Predicting climate crises

As the global climate crisis intensifies, it becomes more imperative to predict when specific climate-related disasters will take place. A recent paper describes UC Santa Barbara climate scientist and researcher Chris Funk’s work in predicting when these disasters will take place with a focus on the Eastern Horn of Africa. Droughts are increasingly common in this region and have led to massive ecological instability and food insecurity. Funk’s Climate Hazards Center (CHC), created and managed under his supervision, has been able to coordinate with local government and foreign aid agencies to ensure that millions of dollars in food and medical aid are sent to affected populations. By studying particular weather patterns in the region, the CHC are able to discern when decreased moisture will affect Eastern Africa through the initiation of these devastating droughts and have been able to respond appropriately and efficiently. Funk states that while crises such as droughts and floods still occur, their effects can be mitigated via usage of his prediction model. “Flooding still happens, drought still happens, people still get hurt, but we can try to reduce the harm,” he said. The paper further details CHC’s collaboration with Plant Village, an activist group working on-site with Kenyan farmers to create drought-resistant crops. Funk’s current goal is to create a response doctrine for Eastern Africa when it comes to droughts and other climate-related disasters by being able to understand how exactly they originate and how best to respond to them. While these efforts may initially be costly, Funk insists they are a superior long-term investment to conventional humanitarian aid programs. 

Fundamental fungi

A recent study by UC Santa Barbara’s Department of Chemical Engineering revealed that the RNA content of fungi is in fact crucial for several advancements in biotechnology. Unfortunately, most studies attempting to harness these abilities have only extracted fungal genome sequences from one specific fungal growth. This study, however, attempts to harvest RNA from two different growth types, monoculture and methanogen co-culture. Initial findings yielded that these RNA structures could become vital in designing bioreactors for environmental purposes (such as the preservation of natural flora) or even identifying metabolites within our own bodies. Anaerobic fungi could become a scientific boon regarding this process, but only if their RNA is extracted at a particular time. “We found that the regulation of [several] fungal genes … varied at each 24-hour timepoint of the exponential growth phase.” These findings are validated by examples taken from the study itself. Certain fungal strains, when grown on methanogen (an environmentally vital microorganism), create encoded carbohydrate-active enzymes which could become instrumental regarding wider biotechnical research. However, the expression patterns yielding these enzymes changed about 24 hours into the experiment, insisting upon just how important the methods are to extract fungi at multiple points in time during cultivation, meaning they intend to further their research.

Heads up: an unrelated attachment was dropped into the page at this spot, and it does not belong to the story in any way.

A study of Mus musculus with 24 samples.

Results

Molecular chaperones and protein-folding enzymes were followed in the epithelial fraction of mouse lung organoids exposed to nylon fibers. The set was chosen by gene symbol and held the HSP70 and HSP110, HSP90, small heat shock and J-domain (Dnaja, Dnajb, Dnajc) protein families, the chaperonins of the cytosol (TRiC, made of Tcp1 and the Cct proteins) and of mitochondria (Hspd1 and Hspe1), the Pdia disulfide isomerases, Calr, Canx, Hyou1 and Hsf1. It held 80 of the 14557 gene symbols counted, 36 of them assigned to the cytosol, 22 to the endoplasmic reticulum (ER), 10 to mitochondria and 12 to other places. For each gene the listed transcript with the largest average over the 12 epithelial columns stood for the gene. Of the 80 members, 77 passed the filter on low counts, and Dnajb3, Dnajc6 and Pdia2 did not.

Disease-detecting dogs

In the years since its initial 2020 spread, the COVID-19 virus has culturally and politically moved from an international pandemic to a practical fact of life. Still, the dangers it poses cannot be understated. Recently, a research initiative by UC Santa Barbara geography professor Tommy Dickey, collaborating with Heather Junqueira of BioScent DX Inc., has revealed that man’s canine friends could become the key to a more efficient, environmentally friendly method of COVID-19 detection. The crux of these findings lies in the incredibly powerful sense of smell dogs possess. “A dog could detect the equivalent of one drop of [odorous] liquid in 20 Olympic-size swimming pools,” Dickey said. For perspective, this is about three orders of magnitude better than with scientific instrumentation. In some cases, dogs were able to detect COVID-19 in pre-symptomatic and asymptomatic patients whose viral load was too low for conventional tests to work. Not only that, but dogs can distinguish COVID-19 and its variants in the presence of other potentially confounding respiratory viruses, such as those of the common cold or flu. Efficiency becomes key when trying to detect COVID-19; given its immense potential to proliferate within crowded areas, the speed of canine-based detection could become vital in preventing future super-spreader events. An even greater advantage of utilizing dogs for COVID-19 lies in the variety of dogs capable of rooting out the virus. Scent dogs such as beagles, basset hounds and coonhounds would be the ideal dog for the task. A program geared toward canine detection of COVID-19 would bring many benefits and has significant potential for controlling the spread of future pandemics as well as identifying other medical conditions. 

A version of this article appeared on p. 9 of the Oct. 5, 2023 print edition of the Daily Nexus.